The Queen City of the South, Cebu City, has been getting a lot of attention as of late because of the magnitude 7.2 quake that hit the Central Visayas region October 15, 2013. While the cause of the attention is heartbreaking, we’d like to lighten things up a bit by taking you through some of the top attractions in Cebu City which, fortunately, can still be enjoyed by the traveling public.
We’ve come up with some of the best attractions in Cebu City which, we dare say, must not be missed when visiting. They are posted in no particular order and if you feel like you need to add something, please do not hesitate to leave a comment in the box below.
The original cross (encased in a wooden cross) is on display inside a marble chapel just outside the Basilica Minore del Santo Niño. The chapel itself is an attraction, featuring a painted ceiling with depictions of the conquistadores’ arrival in Philippine shores. The marble inscription says “This Cross of Tindalo wood encases the original cross planted by Ferdinand Magellan on this very site April 21, 1521.” Whether or not the original cross is still there remains a mystery and only adds to the allure of the said attraction.
Basilica Minore del Santo Niño de Cebu
Enter the stone archway a few steps from Magellan’s Cross and you will behold the grand Basilica Minore del Santo Niño de Cebu. The basilica is the oldest Catholic Church in the Philippines, built on what is believed to be the very site where the Santo Niño de Cebu image was found during the Spanish era. That very image still exists to this day, displayed in a separate chamber at the left side of the main church where devotees line up pay homage to it.
Masses during some days are celebrated at the Pilgrim Center right in front of the Basilica; this is also where devotees converge during the religious festival Sinulog held every January. The recent earthquake caused the belfry and the church façade to collapse but plans to restore them are already in place. Aside from the centuries-old building, altar and images, another main attraction in the basilica complex are the women clothed in red, carrying colored candles and dancing “Sinulog”. They are supposed to offer a prayer to Santo Niño on your behalf and the color of the candle to be used depends on your intentions. The Basilica is a perhaps #1 of the top attractions in Cebu for religious travelers.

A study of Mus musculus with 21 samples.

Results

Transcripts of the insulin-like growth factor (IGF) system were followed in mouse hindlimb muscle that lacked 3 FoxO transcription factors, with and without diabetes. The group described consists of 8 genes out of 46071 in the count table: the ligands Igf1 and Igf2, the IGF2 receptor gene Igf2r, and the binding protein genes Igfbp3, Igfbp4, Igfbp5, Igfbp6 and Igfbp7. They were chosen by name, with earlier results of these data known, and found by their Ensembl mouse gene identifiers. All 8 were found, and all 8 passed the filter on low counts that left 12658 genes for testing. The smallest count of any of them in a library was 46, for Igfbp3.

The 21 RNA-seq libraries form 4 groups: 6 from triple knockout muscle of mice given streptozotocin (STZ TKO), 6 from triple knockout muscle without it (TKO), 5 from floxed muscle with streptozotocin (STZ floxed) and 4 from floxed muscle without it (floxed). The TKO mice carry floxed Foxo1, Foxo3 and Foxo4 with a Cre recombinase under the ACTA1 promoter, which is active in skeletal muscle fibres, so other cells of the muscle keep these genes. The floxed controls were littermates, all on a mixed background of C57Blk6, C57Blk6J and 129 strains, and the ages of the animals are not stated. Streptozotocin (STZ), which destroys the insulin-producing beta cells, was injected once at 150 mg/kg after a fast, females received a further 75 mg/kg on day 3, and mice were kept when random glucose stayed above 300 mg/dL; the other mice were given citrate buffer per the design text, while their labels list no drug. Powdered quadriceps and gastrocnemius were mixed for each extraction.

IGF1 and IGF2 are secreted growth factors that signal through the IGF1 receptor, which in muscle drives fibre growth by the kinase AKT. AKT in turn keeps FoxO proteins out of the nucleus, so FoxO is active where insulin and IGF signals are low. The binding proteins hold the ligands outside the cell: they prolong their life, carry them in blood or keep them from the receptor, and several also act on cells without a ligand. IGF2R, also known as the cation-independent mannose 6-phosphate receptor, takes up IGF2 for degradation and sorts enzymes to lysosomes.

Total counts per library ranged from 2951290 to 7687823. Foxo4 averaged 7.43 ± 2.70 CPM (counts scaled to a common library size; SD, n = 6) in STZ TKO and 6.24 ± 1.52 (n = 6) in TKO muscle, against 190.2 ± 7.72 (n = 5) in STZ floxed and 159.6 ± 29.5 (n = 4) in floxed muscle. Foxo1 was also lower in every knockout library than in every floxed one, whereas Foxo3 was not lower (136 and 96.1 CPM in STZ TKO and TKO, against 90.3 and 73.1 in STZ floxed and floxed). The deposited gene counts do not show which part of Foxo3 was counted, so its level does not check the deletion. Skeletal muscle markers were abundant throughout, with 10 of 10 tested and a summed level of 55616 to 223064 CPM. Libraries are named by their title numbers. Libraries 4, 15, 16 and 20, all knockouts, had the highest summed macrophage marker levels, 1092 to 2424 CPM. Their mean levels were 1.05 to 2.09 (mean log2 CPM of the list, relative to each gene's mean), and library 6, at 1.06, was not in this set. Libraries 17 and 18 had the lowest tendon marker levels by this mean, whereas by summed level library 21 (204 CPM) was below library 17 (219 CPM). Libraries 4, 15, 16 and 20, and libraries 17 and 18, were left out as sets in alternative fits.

Cebu City may be the seat of Catholicism in the Philippines but it has opened its doors to different cultures and religions. So it comes as no surprise that one of the top attractions in Cebu is the Taoist Temple located in Beverly Hills Subdivision, an upscale neighborhood in Lahug. While the temple is considered sacred ground by followers of the Taoist tradition, most of the places in the complex are accessible to everyone, with the exception of the main temple which one can only enter when in proper clothing.
Most visitors enter and ascend 81 steps to the main temple from which, on a clear day, you can see the stunning cityscape. To the right is a replica of a dragon, the Great Wall of China and all over the place are a good number of pagodas adorned by the same Chinese mythical creature. There is also a wishing well, a souvenir shop and plenty of interesting corners that make for good “selfie” backgrounds.
Crown Regency Sky Adventures
If you came to Cebu for some adventure, this attraction would certainly fit the bill. Ask your guide or cab driver to take you to Crown Regency Hotel and Towers, the tallest skyscraper in the city. There you can participate in a wide array of adrenaline rush-inducing adventures like the Sky Walk Extreme (37th floor), Edge Coaster (38th floor) and the Drop Zone (40th-45th floors).
People with cases of vertigo are strongly advised not to proceed as this experience might have you on your knees in no time. Even just the view from the Sky Observatory on the 38th floor will blow your mind, or make you sick in the stomach (if you have fear of heights). Tip: time your tour around dusk so you can fully appreciate the beauty of the Cebu City skyline. Don’t forget to bring a camera!
Colon Street and Taboan Market
Colon is the oldest street in the Philippines and it is still functional to this day. Colon is located at the heart of downtown Cebu, surrounded by shopping centers of different scales and age. If you’re coming from the Capitol area going to the Basilica, you would most likely have to pass by Colon. There’s nothing much to do on this street except to shop, eat street food and take interesting photos of the locals but of course, the history is enough.
Just a short distance from Colon is Taboan, the fish market famous for its nasty odor and abundance of danggit, pusit and all sorts of dried sea food for sale. If you can get past the smell and venture into the market, you would find that it is a great place for buying pasalubong (take-home goodies). Just don’t forget to ask the vendor to vacuum seal your “buwad” for it to be admitted at the airport.
At this point it would be safe to conclude that most of the OLDEST things in the Philippines can be found in Cebu. Sugbo, as it is lovingly called by the locals, is a melting pot of historical sites that have amazingly blended in with modern architecture. The city is a great base for exploring the entire island province, too. See you around!